What Extreme Cold Temperatures Do To The Human Body NPR's Ari Shapiro speaks with Dr. Jeff Schaider, chairman of emergency medicine at the John H. Stroger, Jr. Hospital in Chicago, to help explain what happens to the body in extreme cold temperatures.


What Extreme Cold Temperatures Do To The Human Body

What Extreme Cold Temperatures Do To The Human Body


ARI SHAPIRO, HOST:

OK, it is not news that the Midwest gets cold in the winter. But this week could be the coldest in a generation. Today parts of the Dakotas and Minnesota hit -27 degrees. That's not just uncomfortable, it's dangerous. To understand what those kinds of temperatures do to the human body, Dr. Jeff Schaider joins us now. He's chairman of Emergency Medicine at Cook County Health in Chicago. Thanks for being with us.

JEFF SCHAIDER: Hi, Ari.

SHAPIRO: OK, I spent the first eight years of my life in Fargo, N.D., so I know what extreme cold feels like. But what is actually happening physiologically to our skin and our lungs when our bodies are exposed to these temperatures that are so far below zero?

SCHAIDER: Well, I think, you know, obviously it's a stress on the body. And I generally divide it into two phases as far as the cold goes. Number one, people often think about the cold affecting you on your skin in frostbite. And the other thing is when your body temperature drops as a result of being exposed to the cold more prolonged. And obviously, you know, both these things can cause severe injuries, sometimes death as well.

SHAPIRO: In the kinds of temperatures we're talking about - I mean, as far as 25 below zero - how long does it take for those kinds of effects to set in?

SCHAIDER: From a frostbite perspective, I've seen patients develop frostbite with an approximate 10 to 15 minutes after being exposed to these extreme temperatures. So people would actually get outside, you know, walk down the street for about 10 minutes or so and develop frostbite in the back of their ears by not wearing a hat. So, you know, we always tell people very, very important - this is common sense obviously - they need to cover their extremities to not be exposed to these extreme temperatures.

SHAPIRO: And in terms of the internal effects when the body temperature cools that you were describing?

SCHAIDER: Exactly. So that's what - we call it medically when the body temperature goes lower, it's called hypothermia. Initially when you're exposed to the cold you'll obviously shiver and try to warm your body up. That's your initial response. But as your body gets colder and colder, your response to the cold actually becomes less and less. You'll stop shivering then your body temperature will start dropping at a more rapid rate. And if you think about your body as I guess an engine, as it gets colder it moves slower. Your mind thinks slower. Your heart moves slower. And as time goes on, you become confused. You can go into a coma. And your heart would go slower. Your blood pressure will drop. And it really affects your whole body. And people could die from the cold in these types of circumstances.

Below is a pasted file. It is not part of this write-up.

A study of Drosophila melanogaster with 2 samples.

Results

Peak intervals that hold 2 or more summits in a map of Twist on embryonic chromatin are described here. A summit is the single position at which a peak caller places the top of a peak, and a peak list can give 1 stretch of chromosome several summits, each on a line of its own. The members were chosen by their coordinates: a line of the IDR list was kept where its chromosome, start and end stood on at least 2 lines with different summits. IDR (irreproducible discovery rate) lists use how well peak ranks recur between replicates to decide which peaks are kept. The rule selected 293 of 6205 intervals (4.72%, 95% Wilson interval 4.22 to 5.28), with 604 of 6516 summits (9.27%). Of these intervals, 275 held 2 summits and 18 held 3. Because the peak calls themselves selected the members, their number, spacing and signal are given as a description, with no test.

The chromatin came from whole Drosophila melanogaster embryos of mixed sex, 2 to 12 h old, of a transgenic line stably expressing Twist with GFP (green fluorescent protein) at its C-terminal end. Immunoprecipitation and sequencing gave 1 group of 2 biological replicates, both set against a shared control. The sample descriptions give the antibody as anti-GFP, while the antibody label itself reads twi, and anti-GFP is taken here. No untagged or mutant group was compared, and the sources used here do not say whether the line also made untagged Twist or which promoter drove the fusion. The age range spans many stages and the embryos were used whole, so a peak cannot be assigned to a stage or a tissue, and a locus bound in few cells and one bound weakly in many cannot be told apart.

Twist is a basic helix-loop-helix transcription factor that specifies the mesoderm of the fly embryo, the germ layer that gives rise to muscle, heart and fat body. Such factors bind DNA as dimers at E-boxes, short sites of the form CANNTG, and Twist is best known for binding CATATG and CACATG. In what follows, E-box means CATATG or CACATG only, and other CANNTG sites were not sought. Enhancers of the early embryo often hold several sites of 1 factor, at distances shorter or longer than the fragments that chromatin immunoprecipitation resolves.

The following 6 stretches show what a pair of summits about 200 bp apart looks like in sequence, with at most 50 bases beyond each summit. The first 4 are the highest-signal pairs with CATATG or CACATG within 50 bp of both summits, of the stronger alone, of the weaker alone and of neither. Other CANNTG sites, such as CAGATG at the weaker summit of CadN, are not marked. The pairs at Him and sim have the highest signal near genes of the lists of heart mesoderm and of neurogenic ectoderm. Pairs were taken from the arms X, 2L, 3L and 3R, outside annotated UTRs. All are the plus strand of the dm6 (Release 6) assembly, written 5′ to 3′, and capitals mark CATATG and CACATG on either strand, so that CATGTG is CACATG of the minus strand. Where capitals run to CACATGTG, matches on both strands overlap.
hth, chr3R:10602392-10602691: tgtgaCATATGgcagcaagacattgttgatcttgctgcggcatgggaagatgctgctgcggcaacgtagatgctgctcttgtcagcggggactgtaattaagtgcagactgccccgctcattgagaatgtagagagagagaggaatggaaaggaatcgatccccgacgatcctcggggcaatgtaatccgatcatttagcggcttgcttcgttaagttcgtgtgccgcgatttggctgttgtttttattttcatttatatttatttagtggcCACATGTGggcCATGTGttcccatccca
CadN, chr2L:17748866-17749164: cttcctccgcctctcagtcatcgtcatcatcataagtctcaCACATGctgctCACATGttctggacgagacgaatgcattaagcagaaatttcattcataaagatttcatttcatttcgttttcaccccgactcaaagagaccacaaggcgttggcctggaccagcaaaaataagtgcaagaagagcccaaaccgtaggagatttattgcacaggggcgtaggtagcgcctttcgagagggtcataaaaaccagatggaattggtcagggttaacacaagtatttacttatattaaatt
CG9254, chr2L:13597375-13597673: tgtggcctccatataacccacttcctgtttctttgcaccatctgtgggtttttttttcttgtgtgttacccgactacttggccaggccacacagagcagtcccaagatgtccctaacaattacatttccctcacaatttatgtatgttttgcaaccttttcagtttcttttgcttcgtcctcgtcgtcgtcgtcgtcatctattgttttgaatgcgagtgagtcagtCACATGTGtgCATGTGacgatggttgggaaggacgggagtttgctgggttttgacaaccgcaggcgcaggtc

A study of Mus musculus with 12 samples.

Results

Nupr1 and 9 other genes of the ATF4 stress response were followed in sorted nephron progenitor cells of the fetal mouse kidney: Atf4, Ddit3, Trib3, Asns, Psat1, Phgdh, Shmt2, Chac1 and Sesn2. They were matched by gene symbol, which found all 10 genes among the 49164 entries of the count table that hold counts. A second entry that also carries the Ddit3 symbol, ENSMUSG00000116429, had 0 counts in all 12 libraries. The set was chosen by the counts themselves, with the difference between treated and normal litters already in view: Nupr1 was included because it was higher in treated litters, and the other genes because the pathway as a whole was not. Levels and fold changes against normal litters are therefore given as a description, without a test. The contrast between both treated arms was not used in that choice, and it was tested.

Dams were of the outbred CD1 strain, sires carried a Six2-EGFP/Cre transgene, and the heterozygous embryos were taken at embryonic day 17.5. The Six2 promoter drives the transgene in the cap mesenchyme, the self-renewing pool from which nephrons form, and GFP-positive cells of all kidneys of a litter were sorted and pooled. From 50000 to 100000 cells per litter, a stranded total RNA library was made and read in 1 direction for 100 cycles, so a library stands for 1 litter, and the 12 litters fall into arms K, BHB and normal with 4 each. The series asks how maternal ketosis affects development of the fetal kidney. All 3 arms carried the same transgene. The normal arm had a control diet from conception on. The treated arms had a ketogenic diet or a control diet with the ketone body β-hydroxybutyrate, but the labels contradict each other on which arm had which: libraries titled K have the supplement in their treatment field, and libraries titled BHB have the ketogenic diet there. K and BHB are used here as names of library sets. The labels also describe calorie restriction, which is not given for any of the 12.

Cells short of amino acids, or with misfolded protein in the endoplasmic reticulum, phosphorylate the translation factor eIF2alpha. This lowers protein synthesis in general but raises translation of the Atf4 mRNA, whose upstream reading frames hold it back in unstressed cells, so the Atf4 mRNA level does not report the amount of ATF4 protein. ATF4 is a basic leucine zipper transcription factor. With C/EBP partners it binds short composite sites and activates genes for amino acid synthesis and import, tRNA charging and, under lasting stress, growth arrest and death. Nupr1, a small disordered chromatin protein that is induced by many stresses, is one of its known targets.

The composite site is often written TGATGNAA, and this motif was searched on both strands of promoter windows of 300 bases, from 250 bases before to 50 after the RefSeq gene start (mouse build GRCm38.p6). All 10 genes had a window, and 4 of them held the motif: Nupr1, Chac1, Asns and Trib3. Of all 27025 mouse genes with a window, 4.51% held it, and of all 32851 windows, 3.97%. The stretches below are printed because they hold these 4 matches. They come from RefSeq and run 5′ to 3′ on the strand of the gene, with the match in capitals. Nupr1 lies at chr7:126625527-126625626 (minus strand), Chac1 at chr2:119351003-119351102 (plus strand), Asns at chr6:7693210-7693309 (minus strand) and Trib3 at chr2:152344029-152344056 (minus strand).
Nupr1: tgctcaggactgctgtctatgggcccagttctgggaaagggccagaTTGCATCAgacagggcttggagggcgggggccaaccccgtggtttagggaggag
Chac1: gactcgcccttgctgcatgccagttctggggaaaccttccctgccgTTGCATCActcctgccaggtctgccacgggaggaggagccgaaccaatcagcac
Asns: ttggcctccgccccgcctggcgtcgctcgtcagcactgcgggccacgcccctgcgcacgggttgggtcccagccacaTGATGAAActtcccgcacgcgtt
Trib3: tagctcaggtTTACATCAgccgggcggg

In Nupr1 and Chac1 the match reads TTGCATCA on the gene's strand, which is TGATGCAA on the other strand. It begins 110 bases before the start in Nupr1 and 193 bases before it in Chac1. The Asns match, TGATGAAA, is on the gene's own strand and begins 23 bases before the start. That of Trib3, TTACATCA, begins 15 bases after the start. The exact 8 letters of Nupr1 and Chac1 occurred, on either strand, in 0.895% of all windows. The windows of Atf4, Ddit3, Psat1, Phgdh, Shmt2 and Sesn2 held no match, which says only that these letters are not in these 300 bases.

SHAPIRO: Are there common mistakes that people make when they try to go outside in these kinds of temperatures?

SCHAIDER: Of course. I mean, we all make mistakes. But, you know, obviously in this type of situation, if you go out and you think you will not be exposed to the cold, you have to anticipate that might happen. If you're in the car, bring additional clothes, bring a blanket, bring an extra hat, extra gloves just in case something happens to your car. Alcohol does play a role too. People that go out and drink might walk outside because they don't feel the effects of the cold that much when they're intoxicated. And then in these types of situation they might be exposed to the cold for a long period of time and their body temperature would begin to drop.

SHAPIRO: Dr. Schaider, thanks so much for talking with us today.

SCHAIDER: Ari, thank you so much.

SHAPIRO: That's Jeff Schaider, chairman of Emergency Medicine at Cook County Health in Chicago.